4 Kitchen Items Chefs Always Buy Thrifted (And One Thing They Never Do)

published Apr 2, 2024

Whether you’ve been saving up for an expensive appliance or dreaming of a perfectly seasoned skillet, your local thrift shop or antique store could be hiding some covetable kitchen gems that won’t break your budget. I asked three chefs for the kitchen brands and items they recommend keeping an eye out for when secondhand shopping — plus, the one thing they never buy thrifted.

KitchenAid Mixers

If you’ve lived through a wedding season, you know that the KitchenAid mixer is a requisite on registries. And for the lucky couple that actually receives one, sometimes they’ll use it regularly, while other times it sits on a countertop and simply adds a pop of color to the kitchen. 

Chef Tamara Earl, executive chef and CEO of Delectablez, a vegan restaurant located in Wilmington, Delaware, has them at the top of her “buy secondhand” list for exactly that reason. “Whether you’re a seasoned chef or an amateur cook, a KitchenAid mixer is indispensable. Many people purchase them, only to relegate them to a corner as decorative pieces, often barely used,” Earl says. She adds that you can often snag them at unbeatable prices at thrift stores or on online marketplaces compared with buying one brand-new for several hundred dollars. 

Magnalite Cookware

Chef Kevin Tien, executive chef of Moon Rabbit in Washington, D.C., is originally from Louisiana, so he knows his way around a gumbo. That’s why he’s carefully attuned to the best cookware for authentic Cajun cooking, and that cookware is Magnalite.

He says this century-old cookware company is the only one that Louisiana chefs trust because its aluminum and magnesium alloy makeup, dense bottom, and thinner sides are ideal for the even heating you need to make New Orleans favorites like jambalaya, shrimp creole, and, of course, gumbo. 

You could buy it new, but Tien prefers to find it secondhand because the older ones feel heavier and more solid. “In Louisiana, everyone has their grandfather’s Magnalite. Like they say, ‘They don’t make them like they used to,’” Tien says.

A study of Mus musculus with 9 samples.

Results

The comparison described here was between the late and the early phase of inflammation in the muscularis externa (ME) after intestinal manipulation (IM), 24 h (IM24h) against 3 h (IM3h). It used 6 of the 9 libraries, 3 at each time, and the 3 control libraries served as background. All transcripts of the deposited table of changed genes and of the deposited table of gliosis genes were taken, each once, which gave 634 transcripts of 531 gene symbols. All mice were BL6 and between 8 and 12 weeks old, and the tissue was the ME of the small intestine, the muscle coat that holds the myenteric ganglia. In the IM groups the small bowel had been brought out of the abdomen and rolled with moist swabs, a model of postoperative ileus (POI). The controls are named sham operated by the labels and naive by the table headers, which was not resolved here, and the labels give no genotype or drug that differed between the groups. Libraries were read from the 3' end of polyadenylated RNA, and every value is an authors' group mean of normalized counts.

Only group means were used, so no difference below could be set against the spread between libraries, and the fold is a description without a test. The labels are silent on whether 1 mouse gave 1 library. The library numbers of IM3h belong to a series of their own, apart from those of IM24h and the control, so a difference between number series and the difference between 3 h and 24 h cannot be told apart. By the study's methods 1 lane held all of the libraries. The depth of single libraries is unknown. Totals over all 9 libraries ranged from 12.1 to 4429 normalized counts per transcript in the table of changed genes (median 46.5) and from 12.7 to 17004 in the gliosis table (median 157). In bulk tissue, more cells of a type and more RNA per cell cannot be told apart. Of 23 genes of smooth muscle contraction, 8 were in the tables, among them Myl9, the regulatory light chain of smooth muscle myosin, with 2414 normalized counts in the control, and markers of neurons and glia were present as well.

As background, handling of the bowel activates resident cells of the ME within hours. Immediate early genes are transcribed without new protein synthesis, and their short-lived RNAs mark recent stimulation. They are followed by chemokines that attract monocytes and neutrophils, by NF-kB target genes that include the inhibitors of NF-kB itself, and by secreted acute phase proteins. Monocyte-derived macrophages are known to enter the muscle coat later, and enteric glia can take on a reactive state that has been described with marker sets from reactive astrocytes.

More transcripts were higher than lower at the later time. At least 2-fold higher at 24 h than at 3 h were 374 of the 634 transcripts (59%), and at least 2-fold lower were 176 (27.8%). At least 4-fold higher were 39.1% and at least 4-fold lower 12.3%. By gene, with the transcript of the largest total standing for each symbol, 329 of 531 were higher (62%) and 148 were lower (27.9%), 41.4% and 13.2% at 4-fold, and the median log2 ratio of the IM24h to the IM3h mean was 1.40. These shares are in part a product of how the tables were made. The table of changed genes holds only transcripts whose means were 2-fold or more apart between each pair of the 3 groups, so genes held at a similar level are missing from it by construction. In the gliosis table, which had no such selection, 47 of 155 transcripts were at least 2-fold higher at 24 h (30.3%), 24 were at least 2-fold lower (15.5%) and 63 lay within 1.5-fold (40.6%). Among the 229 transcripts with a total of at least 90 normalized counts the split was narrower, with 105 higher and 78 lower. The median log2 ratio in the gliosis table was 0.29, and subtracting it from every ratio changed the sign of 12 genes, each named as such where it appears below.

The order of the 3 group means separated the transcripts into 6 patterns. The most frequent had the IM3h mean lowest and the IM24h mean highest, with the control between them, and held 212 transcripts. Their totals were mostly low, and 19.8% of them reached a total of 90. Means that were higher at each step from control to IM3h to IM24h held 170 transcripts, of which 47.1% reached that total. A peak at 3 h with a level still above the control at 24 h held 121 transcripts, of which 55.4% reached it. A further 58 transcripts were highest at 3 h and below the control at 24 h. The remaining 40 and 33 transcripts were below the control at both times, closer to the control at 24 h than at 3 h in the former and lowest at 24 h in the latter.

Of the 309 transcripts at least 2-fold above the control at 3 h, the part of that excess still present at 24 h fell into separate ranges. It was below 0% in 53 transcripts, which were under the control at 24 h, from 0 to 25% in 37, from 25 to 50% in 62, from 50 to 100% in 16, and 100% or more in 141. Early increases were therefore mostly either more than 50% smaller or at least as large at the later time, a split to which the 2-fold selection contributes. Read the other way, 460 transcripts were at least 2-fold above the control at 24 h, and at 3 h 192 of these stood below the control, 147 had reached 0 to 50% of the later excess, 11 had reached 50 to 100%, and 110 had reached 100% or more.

He looks for all shapes and sizes, though says the oval pots are the type you’ll see most often. “My wife loves antiquing, and we’ll come across a Magnalite pot or pan. We have to buy it. They’re a super Cajun thing to have, and there’s a lot of sentimental value in having the old ones.”

Lodge Cast-Iron Skillets

Cast-iron pans are one of those items you pass down from one generation to the next. They last forever, and the cleaning and maintenance aren’t difficult, which is why you’ll find them in every thrift shop and antique store from coast to coast, often for just a few dollars. 

“I’m a devotee of all things vintage; their timeless appeal and superior quality always captivates me. Among my favorites is my trusty cast-iron skillet,” Earl says. She uses everything from deep dish cast-iron pans to shallow sauté and grill skillets.

Earl says she’s seen them all over Facebook Marketplace, which is just where you should look if you have your eye on a specific type of cast-iron skillet — like maybe one of those mini skillets for whipping up eggs or making one big chocolate chip cookie.

Unbranded Kitchen Items

Chris Morgan, chef and owner of Joon in Washington, D.C., loves shopping at antique stores for old butcher knives and spoons. “As most chefs do,” he says. “These antique knives and spoons are fun to clean up and add to the ever-growing arsenal of tools that I have piled in my kitchen.”

As for Earl, there’s another catchall item she always looks out for when thrifting: “Canisters are among my top picks,” she says. “I’ve amassed a collection of them secondhand, and I adore the unique character they bring to my kitchen. They infuse warmth and charm into the space. I utilize the canisters to organize serving utensils.”

Are There Any Kitchen Items You Should Avoid Buying Secondhand?

“Never, ever purchase nonstick cookware secondhand,” Earl warns. “The nonstick coating contains hazardous chemicals that can leach into your food if the pan’s surface is scratched.” Instead, stick to the well-made classics and, if something looks like it’s been damaged, know that it’s probably no longer safe to use.